BURGLARY investigations were dropped this year in almost 80 per cent of cases, according to an investigation revealing break-in hotspots across County Durham and Darlington.

Criminals responsible for carrying out more than 1,600 of 2,107 burglaries reported in the area since January have escaped justice, according to The Northern Echo’s analysis of recent crime statistics.

Just 82 punishments were handed out following investigations by Durham Constabulary, with the majority of investigations were closed without a suspect ever being identified.

The figures reflect a national problem, with recent research finding that only around five per cent of burglaries are solved across the country.

Of the cases that were solved around County Durham, recorded crime outcomes show that 25 people were sent to prison, 14 received community sentences, two were handed suspended prison sentences and three given conditional discharges.

Five cautions were issued, 30 cases were solved with a ‘local resolution’ and one person was ordered to pay compensation.

Durham Police say when discussing the offence of burglary it is important to understand the context in relation to crime recording of such offences, and burglary now includes properties such as occupied houses and flats, garden sheds, outhouses, garages and vacant properties.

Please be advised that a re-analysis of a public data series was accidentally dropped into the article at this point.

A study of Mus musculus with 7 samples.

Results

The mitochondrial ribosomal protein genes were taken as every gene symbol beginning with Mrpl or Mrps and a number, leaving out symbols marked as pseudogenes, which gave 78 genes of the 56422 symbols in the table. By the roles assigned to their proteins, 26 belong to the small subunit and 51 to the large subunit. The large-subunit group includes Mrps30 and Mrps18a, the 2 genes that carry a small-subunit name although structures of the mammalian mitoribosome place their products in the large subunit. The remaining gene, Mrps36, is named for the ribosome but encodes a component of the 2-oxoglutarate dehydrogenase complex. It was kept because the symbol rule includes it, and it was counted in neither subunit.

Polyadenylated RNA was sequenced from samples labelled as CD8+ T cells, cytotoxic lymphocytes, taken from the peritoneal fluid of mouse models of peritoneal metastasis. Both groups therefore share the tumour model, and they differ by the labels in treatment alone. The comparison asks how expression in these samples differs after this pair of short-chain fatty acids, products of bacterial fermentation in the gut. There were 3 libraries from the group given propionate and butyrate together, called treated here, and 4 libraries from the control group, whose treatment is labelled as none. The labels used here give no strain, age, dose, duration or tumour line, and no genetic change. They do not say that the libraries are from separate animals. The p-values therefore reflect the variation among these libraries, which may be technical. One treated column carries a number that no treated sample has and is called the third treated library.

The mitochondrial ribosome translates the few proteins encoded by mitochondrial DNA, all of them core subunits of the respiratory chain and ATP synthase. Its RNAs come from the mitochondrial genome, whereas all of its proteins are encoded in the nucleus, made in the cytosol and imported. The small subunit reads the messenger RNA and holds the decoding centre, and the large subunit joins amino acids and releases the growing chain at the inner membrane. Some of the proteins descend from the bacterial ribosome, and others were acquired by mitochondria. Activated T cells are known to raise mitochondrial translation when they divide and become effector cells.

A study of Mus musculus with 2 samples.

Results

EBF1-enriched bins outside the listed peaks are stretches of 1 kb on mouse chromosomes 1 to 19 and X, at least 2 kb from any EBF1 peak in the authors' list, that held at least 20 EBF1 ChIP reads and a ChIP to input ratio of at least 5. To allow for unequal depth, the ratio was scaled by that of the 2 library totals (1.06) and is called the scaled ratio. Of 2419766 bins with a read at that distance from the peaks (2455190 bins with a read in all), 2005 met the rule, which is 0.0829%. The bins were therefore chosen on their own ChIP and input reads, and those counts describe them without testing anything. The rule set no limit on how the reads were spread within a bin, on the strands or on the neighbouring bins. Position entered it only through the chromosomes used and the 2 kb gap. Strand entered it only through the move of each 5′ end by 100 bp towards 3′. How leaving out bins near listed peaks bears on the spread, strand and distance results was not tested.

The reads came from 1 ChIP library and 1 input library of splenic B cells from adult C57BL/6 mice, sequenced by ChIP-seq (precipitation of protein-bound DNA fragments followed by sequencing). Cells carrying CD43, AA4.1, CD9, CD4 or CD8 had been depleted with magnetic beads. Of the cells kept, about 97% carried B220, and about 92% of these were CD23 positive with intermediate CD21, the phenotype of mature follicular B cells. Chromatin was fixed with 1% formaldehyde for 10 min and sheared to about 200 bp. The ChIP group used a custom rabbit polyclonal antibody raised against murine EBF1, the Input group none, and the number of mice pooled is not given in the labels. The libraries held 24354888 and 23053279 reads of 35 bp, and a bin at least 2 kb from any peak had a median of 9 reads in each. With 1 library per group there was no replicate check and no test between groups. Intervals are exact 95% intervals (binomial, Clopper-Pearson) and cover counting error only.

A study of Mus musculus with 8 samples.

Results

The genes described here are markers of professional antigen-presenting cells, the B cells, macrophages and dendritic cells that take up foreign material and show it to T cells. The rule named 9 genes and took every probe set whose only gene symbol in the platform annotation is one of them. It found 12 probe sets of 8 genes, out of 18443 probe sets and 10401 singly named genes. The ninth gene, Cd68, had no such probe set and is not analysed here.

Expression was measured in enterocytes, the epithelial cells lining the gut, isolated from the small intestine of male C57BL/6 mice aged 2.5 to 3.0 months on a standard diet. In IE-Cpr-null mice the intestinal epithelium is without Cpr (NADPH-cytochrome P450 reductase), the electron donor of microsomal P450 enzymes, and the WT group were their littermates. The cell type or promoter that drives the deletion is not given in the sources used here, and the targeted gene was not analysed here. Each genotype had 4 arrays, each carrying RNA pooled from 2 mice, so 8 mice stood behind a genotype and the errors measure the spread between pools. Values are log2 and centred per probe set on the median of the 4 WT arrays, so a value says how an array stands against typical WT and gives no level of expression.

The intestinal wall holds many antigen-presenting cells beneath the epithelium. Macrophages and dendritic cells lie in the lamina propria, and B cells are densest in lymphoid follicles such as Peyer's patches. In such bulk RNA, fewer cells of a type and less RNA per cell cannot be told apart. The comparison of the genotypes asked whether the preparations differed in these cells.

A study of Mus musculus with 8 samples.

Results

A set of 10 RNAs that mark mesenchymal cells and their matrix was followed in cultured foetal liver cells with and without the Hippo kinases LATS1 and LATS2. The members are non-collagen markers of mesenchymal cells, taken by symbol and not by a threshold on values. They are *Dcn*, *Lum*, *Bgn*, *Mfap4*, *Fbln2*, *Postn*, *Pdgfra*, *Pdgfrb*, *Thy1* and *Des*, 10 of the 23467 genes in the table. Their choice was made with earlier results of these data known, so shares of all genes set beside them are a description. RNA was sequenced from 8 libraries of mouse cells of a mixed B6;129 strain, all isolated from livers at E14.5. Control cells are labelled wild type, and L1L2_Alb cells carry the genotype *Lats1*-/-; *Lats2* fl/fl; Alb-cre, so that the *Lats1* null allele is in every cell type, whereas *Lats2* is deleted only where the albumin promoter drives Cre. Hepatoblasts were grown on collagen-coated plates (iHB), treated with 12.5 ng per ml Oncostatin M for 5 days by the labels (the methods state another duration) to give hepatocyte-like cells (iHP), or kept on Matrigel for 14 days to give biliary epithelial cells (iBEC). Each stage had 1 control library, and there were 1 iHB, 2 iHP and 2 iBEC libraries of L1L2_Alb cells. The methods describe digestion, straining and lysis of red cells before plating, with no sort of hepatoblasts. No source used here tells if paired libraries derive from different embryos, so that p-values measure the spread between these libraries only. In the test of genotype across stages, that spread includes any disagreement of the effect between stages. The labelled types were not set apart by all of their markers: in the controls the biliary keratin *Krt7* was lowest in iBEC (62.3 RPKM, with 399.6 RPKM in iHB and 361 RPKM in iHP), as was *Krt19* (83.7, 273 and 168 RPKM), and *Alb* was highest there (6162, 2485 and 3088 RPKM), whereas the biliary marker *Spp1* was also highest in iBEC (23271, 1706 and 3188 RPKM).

Concerns were raised after the Echo located several areas in County Durham where figures showed not a single reported burglary case had been solved.

According to the police data, Horden had the most burglaries – at least 58 - between January and June, but proportionately, residents in other places were more likely to be targeted by intruders.

Durham Police say the list identifies some streets in Horden where there are several empty houses and metal thefts, such as boilers and radiators, and are more common stolen and classed as a burglary.

However, they say it is harder to identify a standard boiler that has few distinguishing features than it is someone’s personal items that might be stolen from a family home.

Around one in every thousand residents were burgled in areas of County Durham including Blackhalls, which had the highest rate, Bowes and Middleton in Teesdale, Acre Rigg and Peterlee Central, Passfield and Shotton, Easington Colliery North and Newton Aycliffe East.

Many of the burglaries reported were said to have happened on or around shopping centres, car parks and recreational areas.

In Darlington, where around 70 per cent of 234 burglary cases this year were said to have been closed before a culprit could be found, the worst rates were on or around residential areas such as Lodge Street, Eastbourne Road, Shelley Road and Longfield Road.

The area around Eastbourne Road was one of several places across County Durham that saw outcomes for five reported burglaries recorded by the police as ‘investigation complete; suspect could not be identified’.

Twenty out of 20 burglaries reported on or around the Second, Eighth and Eleventh streets in Horden did not result in prosecution, along with eight out of eight on Tweddle Terrace in Bowburn, five in Shotton Colliery’s Victoria Street and seven close to Redwell Court in Barnard Castle.

Crime prevention advice from the police urges householders to make their properties as secure as possible to deter thieves.

Keeping doors and windows locked, hiding keys and installing outdoor lights and alarms is recommended, as is ensuring fences are kept in good repair and gates locked.

Police suggest keeping valuables stored out of sight and marking them where possible with postcodes and house numbers.